Song of the Day #1,368: ‘Circle’ – Sarah McLachlan

Best Albums of the 90s – #8
Fumbling Towards Ecstasy – Sarah McLachlan (1994)

I’m contemplating a theory that excellent albums within a genre I don’t normally like receive an extra boost due to the odds they’ve overcome.

Last week’s example was Garbage’s Version 2.0. That album, and the band in general, features a heavy, borderline electronica sound that generally turns me off. But their particular execution of it works like gangbusters. I believe if I were a techno fan, that album might strike me as very good but not worlds better than my other favorite albums in the genre.

On the flip side, as a fan of singer-songwriter types and power pop, it takes something very special to break through the mountains of really good albums I own in those genres.

Country is another example. I’m not a fan of the genre in general, but the artists who have broken through (Brad Paisley and Miranda Lambert, Lyle Lovett to the extent that he is a country artist) have emerged as definite favorites.

I believe that theory accounts for my enduring love of Sarah McLachlan’s Fumbling Towards Ecstasy, a goth princess’s Lilith Fair dream of a record. I don’t go for the ethereal wispy-ness of this sort of music most of the time — it makes my eyes roll far more than it makes my toes tap. But Fumbling Towards Ecstasy is just about perfect.

McLachlan kept up that momentum for one more album, 1997’s Surfacing, before settling back into the worst habits of her genre. But Fumbling remains her masterpiece. Sexy, sad and at times emotionally wrenching, this record is a true journey. McLachlan spins tales of an obsessed fan, a battered wife, a woman losing her husband to disease and some lucky guy whose love is better than ice cream.

It all has the richly produced sound of something that Lord of the Ring‘s Arwen would have on her iPod. This is the sort of music you listen to while riding a unicorn. But this album gets it exactly right.

There are two of us talking in circles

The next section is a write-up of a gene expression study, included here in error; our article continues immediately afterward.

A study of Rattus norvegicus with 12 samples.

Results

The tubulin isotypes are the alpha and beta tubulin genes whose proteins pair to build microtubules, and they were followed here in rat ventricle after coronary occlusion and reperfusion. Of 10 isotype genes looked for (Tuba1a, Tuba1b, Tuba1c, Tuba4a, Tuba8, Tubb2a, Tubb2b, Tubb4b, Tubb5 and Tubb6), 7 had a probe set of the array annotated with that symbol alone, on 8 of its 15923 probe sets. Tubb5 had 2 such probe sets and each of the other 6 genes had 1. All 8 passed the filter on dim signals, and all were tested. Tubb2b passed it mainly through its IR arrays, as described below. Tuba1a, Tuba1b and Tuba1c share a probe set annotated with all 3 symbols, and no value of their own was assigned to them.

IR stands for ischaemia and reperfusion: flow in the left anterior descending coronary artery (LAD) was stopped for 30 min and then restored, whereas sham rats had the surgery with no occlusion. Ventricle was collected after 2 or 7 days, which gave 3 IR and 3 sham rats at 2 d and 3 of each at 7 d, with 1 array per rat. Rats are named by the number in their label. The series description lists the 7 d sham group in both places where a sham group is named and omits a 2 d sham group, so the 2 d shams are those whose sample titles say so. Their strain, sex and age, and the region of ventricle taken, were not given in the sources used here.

And one of us who wants to leave
In a world created for only us
An empty cage that has no key

Don’t you know we’re working with flesh and blood
Carving out of jealousy
Crawling into each other it’s smothering
Every little part of me

What kind of love is this that keeps me
Hanging on
Despite everything it’s doing to me
What is this love that keeps me coming
Back for more
When it will only end in misery

I know too many people unhappy
In a life from which they’d love to flee
Watching others get everything offered
They’re wanton for discovery

Oh my brother my sister my mother
You’re losing your identity
Can’t you see that it’s you in the window
Shining with intensity

What kind of love is this that keeps me
Hanging on
Despite everything it’s doing to me
What is this love that keeps me coming
Back for more
When it will only end in misery


  1. Dana says:

    I have always thought of McLachlan as falling into the realm of the singer-songwriter genre, so I’m not sure I agree with your classification of her style or your explanation as to why you appreciate this album as some kind of exception. Admittedly, the production of her songs skews more into the pop arena, rather than the more folk or acoustic sounds of the Indigo Girls, Tracy Chapman, etc…

    Anyway, I generally like the few songs I have heard from McLachlan, including this one, but I have never really taken the time to hear this album in its entirety or any of her other albums for that matter.